A team of AI researchers have created a way for humans to train robots to use cheap, freely available materials in order to scale the collection of training data and enable widespread adoption. The experiment utilizes reacher-grabber devices on a pole, the kind people with disabilities, senior citizens, and others commonly use to grab something that’s out of reach. Authors mounted a GoPro camera to the device to record the gripper fingers at work. They used the data to manipulate or stack previously unseen objects in previously unseen environments.
Authors call their approach the Demonstrations Using Assistive Tools (DAT) framework and say it’s novel because it allows for the collection of training data virtually anywhere, not just in a lab setting like previously existing methods. The preprint, titled “Visual Imitation Made Easy,” was published on Tuesday by authors from Carnegie Mellon University, Facebook AI Research, New York University, and UC Berkeley.
Researchers chose to use the low-tech reacher-grabber in a high-tech robotics study, they said, because it is a cheap and commonly available “robot” that requires no training to use. Reacher-grabber tools cost about $10 online today and can be used to do a lot around the home, like unlock a door, open a drawer, or grab and move various objects. The Handi-Grip reacher-grabber used in the study cost $18.
Researchers from Google and Columbia University came up with the idea to use a pole with a grabbing instrument on the end came, which was accepted for publication in June.
To train the model, they attached a GoPro camera to the reacher pole via a 3D-printed mount and recorded 1,000 attempts to move objects or complete tasks. Once they collected the videos, the researchers used them to train a convolutional neural network, which was applied to a robotic arm fitted with a camera and the same kind of two-finger grasping clamp as a reacher-grabber. Finally, they added data augmentation such as random jitters, crops, and rotation to training data to achieve higher rates of success when tested in a lab setting. They used behavioral cloning and supervised learning to train the model’s policy settings.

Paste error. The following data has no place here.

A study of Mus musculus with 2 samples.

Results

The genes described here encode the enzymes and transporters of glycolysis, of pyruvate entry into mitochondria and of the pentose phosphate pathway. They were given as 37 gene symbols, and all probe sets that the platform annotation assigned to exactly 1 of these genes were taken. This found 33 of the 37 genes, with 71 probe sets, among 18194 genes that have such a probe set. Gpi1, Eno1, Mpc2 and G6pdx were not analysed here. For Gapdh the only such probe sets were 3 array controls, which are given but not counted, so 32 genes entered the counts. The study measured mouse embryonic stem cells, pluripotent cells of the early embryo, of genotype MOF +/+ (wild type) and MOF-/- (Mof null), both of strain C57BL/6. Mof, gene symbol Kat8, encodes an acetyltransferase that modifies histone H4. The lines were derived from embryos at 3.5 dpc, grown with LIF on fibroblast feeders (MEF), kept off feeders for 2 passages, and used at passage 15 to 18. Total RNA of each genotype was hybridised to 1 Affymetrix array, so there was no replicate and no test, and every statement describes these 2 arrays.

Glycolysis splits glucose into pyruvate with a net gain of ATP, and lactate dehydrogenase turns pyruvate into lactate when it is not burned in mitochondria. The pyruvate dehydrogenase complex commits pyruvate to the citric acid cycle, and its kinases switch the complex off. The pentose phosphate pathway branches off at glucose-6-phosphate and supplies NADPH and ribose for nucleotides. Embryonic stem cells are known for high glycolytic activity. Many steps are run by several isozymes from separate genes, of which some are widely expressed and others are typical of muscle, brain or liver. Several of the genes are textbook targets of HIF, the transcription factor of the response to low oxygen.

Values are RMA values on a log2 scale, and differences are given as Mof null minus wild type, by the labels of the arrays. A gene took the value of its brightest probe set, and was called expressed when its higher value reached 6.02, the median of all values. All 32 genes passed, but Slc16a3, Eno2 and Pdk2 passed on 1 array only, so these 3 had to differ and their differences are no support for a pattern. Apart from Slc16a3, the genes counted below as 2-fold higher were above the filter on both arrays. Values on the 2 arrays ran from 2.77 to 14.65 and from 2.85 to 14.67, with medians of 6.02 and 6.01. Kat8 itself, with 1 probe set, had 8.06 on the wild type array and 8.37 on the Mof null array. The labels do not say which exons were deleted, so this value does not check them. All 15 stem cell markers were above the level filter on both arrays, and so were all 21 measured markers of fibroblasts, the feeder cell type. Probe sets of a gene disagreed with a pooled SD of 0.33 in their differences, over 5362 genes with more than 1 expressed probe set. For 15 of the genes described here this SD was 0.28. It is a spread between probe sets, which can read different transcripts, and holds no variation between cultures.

“Given these visual demonstrations, we extract tool trajectories using off-the-shelf Structure from Motion (SfM) methods and the gripper configuration using a trained finger detector. Once we have extracted tool trajectories, corresponding skills can be learned using standard imitation learning techniques,” the paper reads.
At the end of the process, the system achieved success rates of 87.5% in pushing objects across a table to a target spot and 62.5% in stacking performance. Humans intervened in some instances at testing time to attempt to trick the robot into failing at its task.
Visual imitation learning attempts to train robots to do things based on what they see demonstrated from input data, like a photo or video of a task being completed. Existing methods include kinesthetic teaching, but that can be slow and difficult and requires more human labor.
The authors argue these approaches can also be expensive and aren’t as useful as AI trained with data in real-world settings. Using the cheapest form of robotics available is generally seen as a way to democratize access and allow for wider adoption of AI systems when they do become available in production.
The DAT framework approach could be valuable in training the kinds of robots that operate in people’s homes to grasp a unique set of objects, such as Hello Robot, a startup that was launched out of stealth last month by former Google robotics director Aaron Edsinger and Georgia Tech professor Charlie Kemp. That company’s first robot, Stretch, also uses a simple gripper that resembles a reacher-grabber to grab or move objects in the real world.
This is the latest work from UC Berkeley that utilizes commodity hardware to improve robotic systems. In June, UC Berkeley AI researchers introduced Dex-Net AR, which uses two-minute scans of physical objects with Apple’s ARKit to train a robotic arm using a handlike grasp to pick up unique objects. In 2018, UC Berkeley researchers shared work that trained AI agents to do unique movements like backflips and the “Gangnam Style” dance from YouTube videos.